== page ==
December 6, 2013

ADELAIDE, Australia (AP) — After three years and some very close calls, time and luck were on Brad Haddin’s side at the Adelaide Oval on Friday in the second Ashes test.

The 36-year-old wicketkeeper finally got his fourth test century, and didn’t mind how he got there.

He was dropped cold when he was on 5 near the end of day one, was lucky to avoid being run out early on the second morning and started walking back to the pavilion on 51 when he nicked first-test allrounder Ben Stokes to Matt Prior. At that stage, he’d shared a 110-run partnership with his skipper Michael Clarke to revive Australia’s first innings after a couple of shaky sessions.

But then he got what cricketers call a “life” when the umpire recalled him because replays showed Stokes over-stepped the crease and bowled a no-ball.

Haddin made the most of his reprieves, clouting five sixes and 11 boundaries in his 118 and sharing a 200-run stand with Clarke to help Australia to 570-9 declared.

“You need to have a bit of luck in this game. You can do all the technique you want, but everyone needs luck,” Haddin said. “I had my fair share.”

There’s been a lot of personal upheaval between test hundreds for Haddin, who had to leave a tour to West Indies suddenly due to his daughter’s serious illness in 2012 and subsequently lost his standing as Australia’s No. 1 wicketkeeper to Matthew Wade.

Wade was still in decent form when Haddin was recalled — as vice-captain — after an exodus of senior players including Ricky Ponting and Mike Hussey left a serious leadership vacuum in the Australian team.

With his long innings and then duties with the gloves — keeping to paceman Mitchell Johnson bowling at more than 150 kph (93 mph) — Haddin spent almost the whole day on the field on Friday.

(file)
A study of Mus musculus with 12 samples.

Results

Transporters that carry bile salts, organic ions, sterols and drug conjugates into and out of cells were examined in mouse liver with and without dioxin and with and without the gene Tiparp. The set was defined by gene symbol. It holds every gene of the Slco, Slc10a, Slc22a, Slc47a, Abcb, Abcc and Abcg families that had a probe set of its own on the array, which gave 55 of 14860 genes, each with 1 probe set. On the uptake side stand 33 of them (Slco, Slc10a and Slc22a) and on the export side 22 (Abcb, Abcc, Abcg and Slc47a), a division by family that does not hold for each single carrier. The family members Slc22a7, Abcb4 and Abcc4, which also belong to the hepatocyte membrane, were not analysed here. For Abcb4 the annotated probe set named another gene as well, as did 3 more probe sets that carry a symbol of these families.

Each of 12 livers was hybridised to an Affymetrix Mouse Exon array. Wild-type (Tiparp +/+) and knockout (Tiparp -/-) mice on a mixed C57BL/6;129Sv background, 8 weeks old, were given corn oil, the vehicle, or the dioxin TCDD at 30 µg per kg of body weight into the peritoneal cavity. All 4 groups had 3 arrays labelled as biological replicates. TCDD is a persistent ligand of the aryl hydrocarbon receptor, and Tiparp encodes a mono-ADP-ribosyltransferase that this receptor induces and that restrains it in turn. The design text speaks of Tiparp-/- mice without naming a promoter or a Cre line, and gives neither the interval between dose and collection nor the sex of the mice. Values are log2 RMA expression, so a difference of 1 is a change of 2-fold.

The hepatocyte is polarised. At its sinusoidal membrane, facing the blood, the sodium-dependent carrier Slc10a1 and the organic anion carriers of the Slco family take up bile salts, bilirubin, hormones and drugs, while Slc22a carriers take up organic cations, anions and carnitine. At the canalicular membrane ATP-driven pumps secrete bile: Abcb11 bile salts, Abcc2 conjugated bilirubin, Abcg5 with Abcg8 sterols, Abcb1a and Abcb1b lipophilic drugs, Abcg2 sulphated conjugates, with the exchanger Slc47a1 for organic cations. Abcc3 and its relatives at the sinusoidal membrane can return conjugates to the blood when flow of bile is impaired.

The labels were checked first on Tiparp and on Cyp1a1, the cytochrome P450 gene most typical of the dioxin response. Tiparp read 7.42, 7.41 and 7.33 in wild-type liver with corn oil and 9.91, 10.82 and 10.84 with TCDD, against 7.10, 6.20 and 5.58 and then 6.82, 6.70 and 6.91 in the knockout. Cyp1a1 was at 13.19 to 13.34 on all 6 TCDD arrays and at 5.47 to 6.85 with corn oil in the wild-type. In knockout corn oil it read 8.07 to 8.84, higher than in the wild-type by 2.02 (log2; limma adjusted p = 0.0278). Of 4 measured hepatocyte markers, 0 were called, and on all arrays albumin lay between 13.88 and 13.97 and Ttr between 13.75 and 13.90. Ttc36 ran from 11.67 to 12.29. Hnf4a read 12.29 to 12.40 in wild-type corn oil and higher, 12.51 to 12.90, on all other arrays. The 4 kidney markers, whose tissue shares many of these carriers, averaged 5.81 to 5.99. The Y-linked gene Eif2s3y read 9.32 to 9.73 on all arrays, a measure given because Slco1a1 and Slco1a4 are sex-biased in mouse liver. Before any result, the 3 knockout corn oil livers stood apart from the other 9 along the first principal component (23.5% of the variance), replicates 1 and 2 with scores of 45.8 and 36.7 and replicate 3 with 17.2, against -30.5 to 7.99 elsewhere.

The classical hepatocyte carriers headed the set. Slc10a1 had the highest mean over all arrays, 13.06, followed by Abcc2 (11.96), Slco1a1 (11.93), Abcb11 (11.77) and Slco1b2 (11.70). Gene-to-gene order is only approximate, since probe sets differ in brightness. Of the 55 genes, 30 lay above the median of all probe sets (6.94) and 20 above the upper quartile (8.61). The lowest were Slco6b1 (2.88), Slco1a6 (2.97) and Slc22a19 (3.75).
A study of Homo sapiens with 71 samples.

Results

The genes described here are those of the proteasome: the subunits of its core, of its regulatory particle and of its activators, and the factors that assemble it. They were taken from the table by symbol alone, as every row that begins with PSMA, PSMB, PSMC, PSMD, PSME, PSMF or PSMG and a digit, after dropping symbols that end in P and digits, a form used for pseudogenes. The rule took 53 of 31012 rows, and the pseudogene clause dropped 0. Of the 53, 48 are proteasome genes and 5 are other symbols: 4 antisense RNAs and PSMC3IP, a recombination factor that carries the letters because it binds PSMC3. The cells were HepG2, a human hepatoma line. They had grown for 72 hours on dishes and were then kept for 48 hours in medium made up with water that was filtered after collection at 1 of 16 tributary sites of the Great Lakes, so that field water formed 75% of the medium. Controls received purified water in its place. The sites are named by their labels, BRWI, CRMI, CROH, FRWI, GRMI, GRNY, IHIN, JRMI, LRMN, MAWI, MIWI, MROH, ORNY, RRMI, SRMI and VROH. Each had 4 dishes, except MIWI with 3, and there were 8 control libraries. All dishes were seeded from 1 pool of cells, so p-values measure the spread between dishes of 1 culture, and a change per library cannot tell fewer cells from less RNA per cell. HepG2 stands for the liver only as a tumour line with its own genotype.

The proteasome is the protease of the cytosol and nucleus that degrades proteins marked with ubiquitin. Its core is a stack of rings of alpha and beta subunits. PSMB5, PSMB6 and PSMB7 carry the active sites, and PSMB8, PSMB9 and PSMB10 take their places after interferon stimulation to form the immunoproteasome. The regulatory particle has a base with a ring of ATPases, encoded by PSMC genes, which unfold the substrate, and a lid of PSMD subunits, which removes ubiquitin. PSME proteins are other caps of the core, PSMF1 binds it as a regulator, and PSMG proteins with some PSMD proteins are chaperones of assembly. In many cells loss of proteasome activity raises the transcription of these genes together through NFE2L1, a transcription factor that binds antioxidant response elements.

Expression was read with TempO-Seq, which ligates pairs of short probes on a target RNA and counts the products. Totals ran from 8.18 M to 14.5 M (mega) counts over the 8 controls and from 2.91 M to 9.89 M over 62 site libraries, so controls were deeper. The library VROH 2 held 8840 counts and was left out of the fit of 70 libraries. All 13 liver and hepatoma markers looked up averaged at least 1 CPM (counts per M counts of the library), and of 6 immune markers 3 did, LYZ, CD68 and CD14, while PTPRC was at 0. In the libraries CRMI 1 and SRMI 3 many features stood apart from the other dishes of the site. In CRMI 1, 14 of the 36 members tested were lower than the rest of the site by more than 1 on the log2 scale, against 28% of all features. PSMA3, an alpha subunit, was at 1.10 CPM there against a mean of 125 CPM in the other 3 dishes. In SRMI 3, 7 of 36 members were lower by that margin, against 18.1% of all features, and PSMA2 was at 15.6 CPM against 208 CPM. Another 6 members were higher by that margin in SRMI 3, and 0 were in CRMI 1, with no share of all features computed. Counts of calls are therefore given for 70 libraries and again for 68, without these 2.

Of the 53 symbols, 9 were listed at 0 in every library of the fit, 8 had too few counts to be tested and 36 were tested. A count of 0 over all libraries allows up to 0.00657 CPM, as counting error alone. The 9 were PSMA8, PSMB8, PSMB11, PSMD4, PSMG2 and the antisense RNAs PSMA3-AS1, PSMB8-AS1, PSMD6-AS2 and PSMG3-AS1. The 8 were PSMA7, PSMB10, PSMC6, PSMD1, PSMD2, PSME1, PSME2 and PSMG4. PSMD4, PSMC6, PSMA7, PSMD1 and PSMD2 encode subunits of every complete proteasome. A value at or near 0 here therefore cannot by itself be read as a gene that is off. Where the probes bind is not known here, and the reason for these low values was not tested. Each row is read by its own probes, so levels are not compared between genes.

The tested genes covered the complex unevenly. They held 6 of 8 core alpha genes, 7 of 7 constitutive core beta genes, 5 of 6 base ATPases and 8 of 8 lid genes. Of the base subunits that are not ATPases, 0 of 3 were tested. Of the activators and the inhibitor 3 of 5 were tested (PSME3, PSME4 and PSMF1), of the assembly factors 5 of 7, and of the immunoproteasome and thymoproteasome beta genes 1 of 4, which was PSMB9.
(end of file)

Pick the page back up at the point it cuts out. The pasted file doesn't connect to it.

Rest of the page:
The rewards were big, though, as he got his first hundred since the Ashes series in 2010. Just as he did in Australia’s 381-run win in the first test, Haddin went to the crease with Australia in a precarious position. Just as he did in Brisbane, he knuckled down.

In the first test, he ran himself out for 94, sacrificing his wicket to end the Australian first innings so the bowlers could get some time to attack England. He got another half century in the second innings in Brisbane and a fitting celebration for his 50th test.

And while he rued missing out on triple figures with his children in the stadium in Brisbane, he was glad it didn’t take him long to make up for that.

“Where the game was at, it’s a pretty important one, especially the partnership with Michael,” Haddin said.

He and Stokes exchanged some words after Haddin was called back to the crease after the no-ball, but nothing even bordering on the animosity between players in the first test. Haddin said he could only react with humor.

“I don’t know what he said. I didn’t bowl the no-ball,” he said, laughing. “I was shocked. I was on my way off to get a cold drink and Michael said come back. I had my fair share of luck out there over the last couple of days.”